I was talking recently with a friend of mine (just for sake of argument, let’s call him, oh, Dan Loney) about quarterbacks. We seem to be hearing a lot about quarterbacks lately, especially this week, what with Tom Brady of the Patriots poised to become one of the all-time greats (unless you believe total idiots like Bill Plaschke).
Somehow we got around to the guy you see above, Terry Bradshaw. Now, I wasn’t a huge Steelers fan, but they were the dominant team when I started following pro football in the mid-to-late 1970s (and I do have a Steelers #12 throwback jersey), and I respect that.
Dan and a lot of other folks don’t seem to respect ol’ TB, though. His name comes up a lot when you discuss the greatest quarterbacks and it seems like his name gets dismissed a lot (hey, how many Super Bowls does a guy have to win around here, anyway?) pretty quickly. This, despite the fact he was a first-ballot Hall of Famer, something only 13 other quarterbacks can say.
My argument was two-fold: one, that it’s hard to judge quarterbacks of yesterday by the standards of today (“Dan” agreed with me on this much); and two, that Bradshaw was, for his era, one of the top guys. I don’t know how much more you can ask of guy than that he be one of the best of his era – let other people figure out how to do the Official Trans-Era Comparison Transmogrification Matrix.
All I know is, Bradshaw was good. Damn good.
In fact, once he got this pro football thing figured out (it did take him about five years – remember when that used to be the truism? That it took five years to become a good NFL quarterback? You’re lucky if you get five games now.) he was terrific. His legend was basically formed in the years 1975-1979, but from 1976-1982, he ranked at or near the top in most passing categories in the NFL:
Do you see enough to figure out what the guy’s game was? It wasn’t efficiency, not by a longshot. The West Coast Offense? Get out of here with that. Despite ranking only seventh in attempts, eighth in completions and 16th in completion percentage, Bradshaw was fourth in yards, second in average gain, second in yards per completion, second in touchdown passes and first in touchdown percentage.
Yeah, he threw a lot of picks, too. A lot. Fourth-most in that period. Fifth-worst percentage of them.
But that was his game. That was his team. With the Steel Curtain defense, he could afford to throw an extra interception here or there. Chances were Joe Greene and company would get him the ball right back.
This was professional football in the mid-to-late 1970s, before Bill Walsh had success with the controlled passing game and everybody started to imitate it. Could Bradshaw have adapted his game to the coming era? I don’t know. We’ll never know. It took him five years to figure out what Chuck Noll wanted him to do (losing his job to Joe Gilliam, of all people in the process) and Noll’s offenses looked like fourth-grade math compared to the calculus Walsh was teaching. Hollywood Henderson said Bradshaw was so dumb he couldn’t spell “cat” if you spotted him the c and the a (this was right before Bradshaw threw for 318 yards and four scores on that fancy book learnin’ Doomsday Defense), so maybe the West Coast thing wouldn’t have been his bag, baby.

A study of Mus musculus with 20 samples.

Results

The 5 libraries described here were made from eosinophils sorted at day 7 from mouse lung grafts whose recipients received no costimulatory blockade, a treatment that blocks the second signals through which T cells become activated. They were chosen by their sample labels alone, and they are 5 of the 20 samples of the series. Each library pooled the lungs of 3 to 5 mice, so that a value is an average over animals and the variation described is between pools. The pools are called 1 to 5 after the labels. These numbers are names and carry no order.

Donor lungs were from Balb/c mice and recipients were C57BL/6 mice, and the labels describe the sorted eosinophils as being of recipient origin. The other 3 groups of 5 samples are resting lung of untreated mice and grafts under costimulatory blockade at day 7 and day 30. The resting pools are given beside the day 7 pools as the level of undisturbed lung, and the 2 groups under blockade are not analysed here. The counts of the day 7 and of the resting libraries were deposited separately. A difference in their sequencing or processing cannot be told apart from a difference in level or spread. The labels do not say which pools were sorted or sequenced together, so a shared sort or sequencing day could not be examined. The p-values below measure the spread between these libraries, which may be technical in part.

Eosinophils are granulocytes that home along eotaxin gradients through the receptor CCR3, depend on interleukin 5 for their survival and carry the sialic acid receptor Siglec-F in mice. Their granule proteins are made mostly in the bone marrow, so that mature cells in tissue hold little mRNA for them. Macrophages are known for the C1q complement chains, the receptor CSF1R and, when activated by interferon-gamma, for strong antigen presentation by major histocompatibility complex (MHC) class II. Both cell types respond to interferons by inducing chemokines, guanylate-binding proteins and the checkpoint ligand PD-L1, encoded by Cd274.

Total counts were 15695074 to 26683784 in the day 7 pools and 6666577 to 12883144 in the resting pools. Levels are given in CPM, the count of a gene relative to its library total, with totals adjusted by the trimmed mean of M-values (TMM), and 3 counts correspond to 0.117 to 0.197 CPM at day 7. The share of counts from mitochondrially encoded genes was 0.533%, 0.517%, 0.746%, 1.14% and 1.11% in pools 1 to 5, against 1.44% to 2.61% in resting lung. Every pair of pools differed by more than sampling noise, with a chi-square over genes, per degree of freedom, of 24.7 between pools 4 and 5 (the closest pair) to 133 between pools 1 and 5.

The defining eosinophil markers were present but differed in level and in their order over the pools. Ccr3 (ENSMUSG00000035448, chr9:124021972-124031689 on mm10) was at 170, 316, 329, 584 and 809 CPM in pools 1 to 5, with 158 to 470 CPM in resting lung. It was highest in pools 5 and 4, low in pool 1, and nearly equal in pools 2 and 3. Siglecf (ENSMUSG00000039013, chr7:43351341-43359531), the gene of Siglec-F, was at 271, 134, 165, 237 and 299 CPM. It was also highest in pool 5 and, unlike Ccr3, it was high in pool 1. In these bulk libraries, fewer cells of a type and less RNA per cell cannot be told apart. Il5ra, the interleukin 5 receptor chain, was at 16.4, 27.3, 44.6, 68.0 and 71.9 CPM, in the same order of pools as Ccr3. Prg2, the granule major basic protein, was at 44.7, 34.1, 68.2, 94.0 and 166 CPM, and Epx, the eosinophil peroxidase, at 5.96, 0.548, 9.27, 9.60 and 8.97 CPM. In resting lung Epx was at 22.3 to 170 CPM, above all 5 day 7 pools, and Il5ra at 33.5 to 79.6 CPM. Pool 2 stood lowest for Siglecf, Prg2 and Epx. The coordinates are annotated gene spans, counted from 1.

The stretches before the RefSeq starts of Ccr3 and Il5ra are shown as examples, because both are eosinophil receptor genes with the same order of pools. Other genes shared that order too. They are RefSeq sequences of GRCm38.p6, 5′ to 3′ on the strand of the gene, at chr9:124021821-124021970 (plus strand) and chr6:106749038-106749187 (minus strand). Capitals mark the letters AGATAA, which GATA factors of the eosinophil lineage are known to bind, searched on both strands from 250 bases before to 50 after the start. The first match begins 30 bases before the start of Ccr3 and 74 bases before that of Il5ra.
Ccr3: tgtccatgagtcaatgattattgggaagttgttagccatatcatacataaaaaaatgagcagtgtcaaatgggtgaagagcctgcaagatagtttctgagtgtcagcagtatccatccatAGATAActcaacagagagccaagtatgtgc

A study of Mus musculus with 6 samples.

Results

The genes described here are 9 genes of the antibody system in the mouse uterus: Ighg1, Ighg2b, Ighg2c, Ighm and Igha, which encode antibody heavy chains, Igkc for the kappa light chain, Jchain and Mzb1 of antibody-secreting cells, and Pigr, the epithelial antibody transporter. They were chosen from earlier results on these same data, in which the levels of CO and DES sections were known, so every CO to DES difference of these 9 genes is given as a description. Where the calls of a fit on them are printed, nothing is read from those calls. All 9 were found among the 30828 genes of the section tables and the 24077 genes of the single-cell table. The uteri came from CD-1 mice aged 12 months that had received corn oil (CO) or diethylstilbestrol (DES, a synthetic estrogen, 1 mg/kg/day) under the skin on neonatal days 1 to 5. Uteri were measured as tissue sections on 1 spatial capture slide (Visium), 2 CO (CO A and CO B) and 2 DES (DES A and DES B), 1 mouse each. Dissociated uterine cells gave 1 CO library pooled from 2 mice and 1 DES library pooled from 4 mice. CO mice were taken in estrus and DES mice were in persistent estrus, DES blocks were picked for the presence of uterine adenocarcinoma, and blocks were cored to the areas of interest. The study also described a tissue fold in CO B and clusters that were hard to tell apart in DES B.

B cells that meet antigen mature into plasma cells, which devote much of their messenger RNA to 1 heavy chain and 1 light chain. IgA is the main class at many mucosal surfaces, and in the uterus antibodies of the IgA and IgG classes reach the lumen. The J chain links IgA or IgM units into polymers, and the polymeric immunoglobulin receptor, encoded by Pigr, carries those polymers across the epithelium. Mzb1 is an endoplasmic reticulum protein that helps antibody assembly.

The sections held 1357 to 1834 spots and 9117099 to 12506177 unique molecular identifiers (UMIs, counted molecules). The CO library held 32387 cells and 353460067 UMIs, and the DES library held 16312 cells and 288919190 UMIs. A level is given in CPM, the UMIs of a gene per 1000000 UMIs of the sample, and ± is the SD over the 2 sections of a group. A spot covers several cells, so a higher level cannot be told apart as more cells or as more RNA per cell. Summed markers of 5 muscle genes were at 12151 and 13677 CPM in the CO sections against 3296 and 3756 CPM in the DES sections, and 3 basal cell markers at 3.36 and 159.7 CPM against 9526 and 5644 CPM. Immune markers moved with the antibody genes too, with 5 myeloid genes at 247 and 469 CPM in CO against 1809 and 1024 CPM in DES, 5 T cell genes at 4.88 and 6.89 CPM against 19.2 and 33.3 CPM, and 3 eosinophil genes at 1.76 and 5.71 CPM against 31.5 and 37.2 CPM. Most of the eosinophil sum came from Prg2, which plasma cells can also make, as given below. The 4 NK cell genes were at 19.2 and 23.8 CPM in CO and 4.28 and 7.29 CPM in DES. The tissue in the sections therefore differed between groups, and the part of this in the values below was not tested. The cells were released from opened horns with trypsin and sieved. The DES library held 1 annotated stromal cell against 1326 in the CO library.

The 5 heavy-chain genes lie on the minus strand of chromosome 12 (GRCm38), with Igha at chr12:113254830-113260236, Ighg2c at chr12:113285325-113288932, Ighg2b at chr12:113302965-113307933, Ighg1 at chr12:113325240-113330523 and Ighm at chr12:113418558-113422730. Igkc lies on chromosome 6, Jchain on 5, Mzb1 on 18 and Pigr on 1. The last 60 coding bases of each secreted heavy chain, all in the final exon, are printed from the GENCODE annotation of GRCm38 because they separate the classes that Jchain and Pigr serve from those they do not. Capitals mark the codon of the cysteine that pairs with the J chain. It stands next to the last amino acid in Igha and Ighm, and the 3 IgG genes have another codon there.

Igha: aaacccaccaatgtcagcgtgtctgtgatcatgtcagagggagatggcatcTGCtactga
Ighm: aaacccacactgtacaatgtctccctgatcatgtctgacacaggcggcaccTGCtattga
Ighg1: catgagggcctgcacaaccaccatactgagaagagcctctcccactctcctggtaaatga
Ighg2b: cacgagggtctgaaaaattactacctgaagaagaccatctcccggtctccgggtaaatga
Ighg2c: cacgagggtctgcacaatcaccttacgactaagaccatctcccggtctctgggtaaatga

But it didn’t have to be. For his time and for what pro football was at that time, the man could flat-out throw the ball. They won (yes, I know he had a lot of help – can you name me a winning quarterback who didn’t?) as much as almost anybody and won more championships than anybody of the time. Bradshaw wasn’t the only reason, but he wasn’t just some hick bystander, either.
Narrowing the focus to just 1976-1982 removes (conveniently, some might say) the first six years of Bradshaw’s career, during which he was….well, he sucked, quite frankly.
But not everyone sprang fully-formed from the head of Zeus like Dan Marino did. Dan Fouts was brutal for his first three years. Steve Young‘s first two years in Tampa Bay were terrible. Bart Starr‘s first four years in Green Bay were no great shakes. Bob Griese‘s first four years were nothing to write home about.
From the time he became an outstanding quarterback, Terry Bradshaw was one of the best in the league, and he did it for eight years, so this isn’t Bill Kenney we’re talking about, where a guy threw for 4,000 yards once but other than that wasn’t very good. This is a guy who was a league MVP, three-time Pro Bowler, four-time Super Bowl champion, two-time Super Bowl MVP, and who clearly out-performed the vast majority of his contemporaries.
And if you’re demonstrably at least as good or better than almost all of your contemporaries, how can you be overrated? What does that even mean?
Is Bradshaw “overrated” because he didn’t throw for 4,000 yards a season? Nobody did that in the 70’s. Is he overrated because he didn’t throw for 30 touchdowns a season? That didn’t happen in the 70’s. Is he overrated because he completed 53 percent of his passes? He was right around the league average for the time period.
You can’t judge quarterbacks of the 70’s by the standards of 2008. The guy played at a very, very high level for eight years, won four Super Bowls, and was a first-ballot Hall of Famer. I don’t know how you can overrate that.
Well, you can, I guess, and many say he has been overrated. I just don’t see it.
Here are the NFL passing leaders in various categories for the decade of the 1970s (including Bradshaw’s first six years doesn’t affect things much – he was the same kind of quarterback and still ranked highly in most categories):
By the way, because I figure you’re going to ask: Unitas and Montana and anybody you want after that. But this kid Brady is forcing his way into the conversation, no matter what that idiot Plaschke says.